Michael Cox



Where will Sodashi go next? Owner’s travel history has bearing, says trainer

Past overseas disappointments have left a sour taste for owner Makoto Kaneko and that is having an impact on decision-making with his star mare Sodashi.

Owner Makoto Kaneko’s previous experience targeting overseas races – including the humiliation of Deep Impact’s 2006 Prix de l’Arc de Triomphe disqualification – are likely to mean that his outrageously popular mare Sodashi will stick to Japan’s domestic races according to trainer Naosuki Sugai. 

Deep Impact is considered Japan’s greatest-ever racehorse and his devastating defeat on race day as favourite and subsequent disqualification from the Prix de l’Arc de Triomphe due to a positive swab still stings among the country’s dedicated racing fans. 

Ten years later Kaneko returned to Longchamp with the 2016 Derby winning son of Deep Impact, Makahiki, who won the G2 Prix Niel in the lead-up but ultimately finished a disappointing 14th as second favourite in the Arc. 


Makahiki at his stables in the lead up to the Prix de l'Arc de Triomphe on October 2, 2016 in Chantilly, France. (Photo by Thierry Orban/Getty Images)

Sugai always maintains a ‘horse first’ attitude with his stars, which in the past have included Gold Ship and Just A Way, but said Kaneko’s experiences on foreign shores were certainly a factor when it comes to making a decision with the ‘White Wonder’. 

“The horse has many options going forward but unfortunately the owner Mr Kaneko hasn’t always had great experiences when traveling horses overseas,” Sugai told the Report via an interpreter in Sapporo. 

“Obviously there was the issue with Deep Impact … so travelling overseas isn’t one of the biggest interests or priorities for the owner, so that draws the focus back to races in Japan.” 

Sodashi, a three-time Group 1 winner, was fifth in the recent G2 Sapporo Kinen, a race she won last year, and will likely come back in distance and be aimed at the G1 Mile Championship, which will be run at Hanshin on November 20 due to track redevelopments in Kyoto. 

“For her next rotation of races the main goal is to prepare her for the Mile Championship and if everything goes to plan we will go with one run into that,” Sugai said. “She would attract a weight penalty in the Group 3 races, because of her Group 1 wins, so we would rather focus on a Group 2 heading into the main target.” 

Sugai said the two main options were both over 1800m at Tokyo: the Mainichi Okan on October 9 and the Ireland Trophy Fuchu Himba six days later.  

The news will come as a blow for Sodashi’s many fans in Hong Kong, who follow Japanese racing closely, and who had hoped December’s Hong Kong Mile would be a possible target.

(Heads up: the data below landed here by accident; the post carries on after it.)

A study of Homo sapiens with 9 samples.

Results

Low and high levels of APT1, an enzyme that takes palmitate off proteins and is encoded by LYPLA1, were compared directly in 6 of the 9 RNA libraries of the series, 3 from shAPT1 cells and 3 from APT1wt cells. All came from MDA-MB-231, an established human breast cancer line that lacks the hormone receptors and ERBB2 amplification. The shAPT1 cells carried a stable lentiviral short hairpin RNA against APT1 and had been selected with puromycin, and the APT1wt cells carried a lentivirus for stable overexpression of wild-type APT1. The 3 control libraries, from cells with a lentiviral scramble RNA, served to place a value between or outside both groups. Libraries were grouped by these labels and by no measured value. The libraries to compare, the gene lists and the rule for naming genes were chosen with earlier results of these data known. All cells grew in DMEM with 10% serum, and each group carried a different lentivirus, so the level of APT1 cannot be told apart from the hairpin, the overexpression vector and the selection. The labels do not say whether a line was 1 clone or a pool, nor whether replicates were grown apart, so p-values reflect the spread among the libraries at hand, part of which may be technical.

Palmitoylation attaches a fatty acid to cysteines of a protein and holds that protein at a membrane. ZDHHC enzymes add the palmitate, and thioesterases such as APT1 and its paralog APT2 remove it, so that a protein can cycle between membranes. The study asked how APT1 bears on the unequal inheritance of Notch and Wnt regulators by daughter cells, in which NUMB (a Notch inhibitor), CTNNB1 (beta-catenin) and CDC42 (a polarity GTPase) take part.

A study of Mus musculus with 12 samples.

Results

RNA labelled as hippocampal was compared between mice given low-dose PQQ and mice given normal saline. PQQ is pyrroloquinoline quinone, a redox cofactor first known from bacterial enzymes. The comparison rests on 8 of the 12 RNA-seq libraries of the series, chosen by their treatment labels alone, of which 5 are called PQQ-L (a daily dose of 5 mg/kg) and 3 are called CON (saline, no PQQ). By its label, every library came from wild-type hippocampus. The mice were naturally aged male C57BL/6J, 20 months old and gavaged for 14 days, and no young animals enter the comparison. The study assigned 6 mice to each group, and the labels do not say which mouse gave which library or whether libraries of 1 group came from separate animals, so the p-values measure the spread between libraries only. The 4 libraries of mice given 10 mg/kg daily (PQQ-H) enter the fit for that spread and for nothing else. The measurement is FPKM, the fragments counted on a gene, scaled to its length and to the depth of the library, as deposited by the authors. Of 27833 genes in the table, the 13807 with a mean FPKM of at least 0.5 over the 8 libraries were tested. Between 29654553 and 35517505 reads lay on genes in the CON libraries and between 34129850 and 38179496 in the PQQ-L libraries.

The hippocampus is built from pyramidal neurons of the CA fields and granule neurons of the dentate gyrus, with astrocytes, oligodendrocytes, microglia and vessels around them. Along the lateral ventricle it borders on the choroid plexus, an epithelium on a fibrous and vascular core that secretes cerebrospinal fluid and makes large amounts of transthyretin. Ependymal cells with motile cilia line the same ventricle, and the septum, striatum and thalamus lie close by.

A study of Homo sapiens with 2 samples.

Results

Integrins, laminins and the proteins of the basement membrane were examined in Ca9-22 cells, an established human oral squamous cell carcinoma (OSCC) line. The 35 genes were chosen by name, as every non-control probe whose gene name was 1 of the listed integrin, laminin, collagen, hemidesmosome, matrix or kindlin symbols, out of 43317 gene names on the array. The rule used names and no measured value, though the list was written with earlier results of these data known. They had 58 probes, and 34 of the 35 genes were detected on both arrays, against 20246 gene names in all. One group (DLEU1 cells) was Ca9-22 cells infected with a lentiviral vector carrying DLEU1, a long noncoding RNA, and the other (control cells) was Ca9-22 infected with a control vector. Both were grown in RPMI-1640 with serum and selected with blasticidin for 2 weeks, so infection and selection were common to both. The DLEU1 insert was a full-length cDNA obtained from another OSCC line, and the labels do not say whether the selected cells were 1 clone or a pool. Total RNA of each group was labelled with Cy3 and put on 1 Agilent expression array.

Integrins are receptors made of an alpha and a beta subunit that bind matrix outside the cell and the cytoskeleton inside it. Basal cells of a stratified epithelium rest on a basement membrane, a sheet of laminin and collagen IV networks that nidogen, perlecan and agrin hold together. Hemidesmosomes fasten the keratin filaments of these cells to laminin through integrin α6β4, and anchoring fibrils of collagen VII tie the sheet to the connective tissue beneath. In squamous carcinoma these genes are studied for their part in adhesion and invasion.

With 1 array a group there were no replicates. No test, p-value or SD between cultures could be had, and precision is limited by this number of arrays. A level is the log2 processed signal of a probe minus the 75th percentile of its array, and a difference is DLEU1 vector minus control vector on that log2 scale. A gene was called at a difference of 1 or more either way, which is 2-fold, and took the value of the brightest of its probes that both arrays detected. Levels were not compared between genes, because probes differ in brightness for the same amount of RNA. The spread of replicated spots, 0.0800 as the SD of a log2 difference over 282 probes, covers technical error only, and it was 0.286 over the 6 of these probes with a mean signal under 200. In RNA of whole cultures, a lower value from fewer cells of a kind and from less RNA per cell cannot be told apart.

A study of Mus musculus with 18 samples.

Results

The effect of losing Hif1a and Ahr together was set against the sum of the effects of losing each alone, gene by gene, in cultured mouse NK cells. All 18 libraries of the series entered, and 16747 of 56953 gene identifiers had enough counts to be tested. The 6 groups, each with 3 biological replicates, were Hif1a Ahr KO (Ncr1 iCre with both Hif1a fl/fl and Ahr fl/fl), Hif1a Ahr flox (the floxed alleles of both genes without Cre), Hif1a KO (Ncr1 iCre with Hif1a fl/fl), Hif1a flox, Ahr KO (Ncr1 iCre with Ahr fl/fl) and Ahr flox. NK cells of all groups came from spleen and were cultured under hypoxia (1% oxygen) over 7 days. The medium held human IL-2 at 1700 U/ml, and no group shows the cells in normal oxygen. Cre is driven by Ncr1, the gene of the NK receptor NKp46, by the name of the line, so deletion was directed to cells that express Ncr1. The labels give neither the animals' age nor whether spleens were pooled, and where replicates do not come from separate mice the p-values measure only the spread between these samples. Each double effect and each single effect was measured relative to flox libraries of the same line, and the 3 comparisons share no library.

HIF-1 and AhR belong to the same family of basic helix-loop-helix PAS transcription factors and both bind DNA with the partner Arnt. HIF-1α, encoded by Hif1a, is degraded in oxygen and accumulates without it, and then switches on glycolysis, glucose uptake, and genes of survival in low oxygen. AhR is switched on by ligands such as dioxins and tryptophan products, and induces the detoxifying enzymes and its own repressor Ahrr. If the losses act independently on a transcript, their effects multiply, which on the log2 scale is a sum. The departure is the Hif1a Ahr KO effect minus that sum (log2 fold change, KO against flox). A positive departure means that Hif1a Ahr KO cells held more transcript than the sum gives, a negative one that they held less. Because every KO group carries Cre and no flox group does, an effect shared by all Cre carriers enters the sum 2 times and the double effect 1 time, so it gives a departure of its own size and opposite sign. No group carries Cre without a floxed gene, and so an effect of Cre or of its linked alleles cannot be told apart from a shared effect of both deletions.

Sodashi, Japan's adored 'White Wonder', winning the Oka Sho of 2021. (Photo by JRA)

Sodashi draws big crowds and media attention whenever she races and the ‘plushie’ produced in her likeness is the fastest selling of all time according to Japan Racing Association officials. 

Asked whether or not Sodashi was the most popular horse he has ever trained, Sugai replied ‘by far’. 

“Obviously I have trained some very successful horses, but when going to the races, whether that be interacting with the fans or speaking to the media, Sodashi is showing the most popularity,” he said.

“Being a white horse is the big drawcard and what makes her so special but it is a number of rare traits that have piled on top of each other to make her ever more special. So you have the white thoroughbred, and then to show success, but then win a Classic race and Group 1s are three rarities which have led to something extremely special.” 

Interestingly, turf options may not have ever been a factor had Sugai simply followed the script and produced Sodashi for a dirt newcomer race as a young horse.  

“Early on in her career we look at the traits of a horse and their breeding, and on paper it looked like she would be a dirt horse,” he said. 

“But when we looked at her footwork as a young horse we thought she would handle the turf and we wanted to have that option in the future. 

“So she was on turf at her first start, so that is why we did that with her as a two-year-old, it was that we wanted to open options for the classics and we are glad it worked. She has delivered great results.”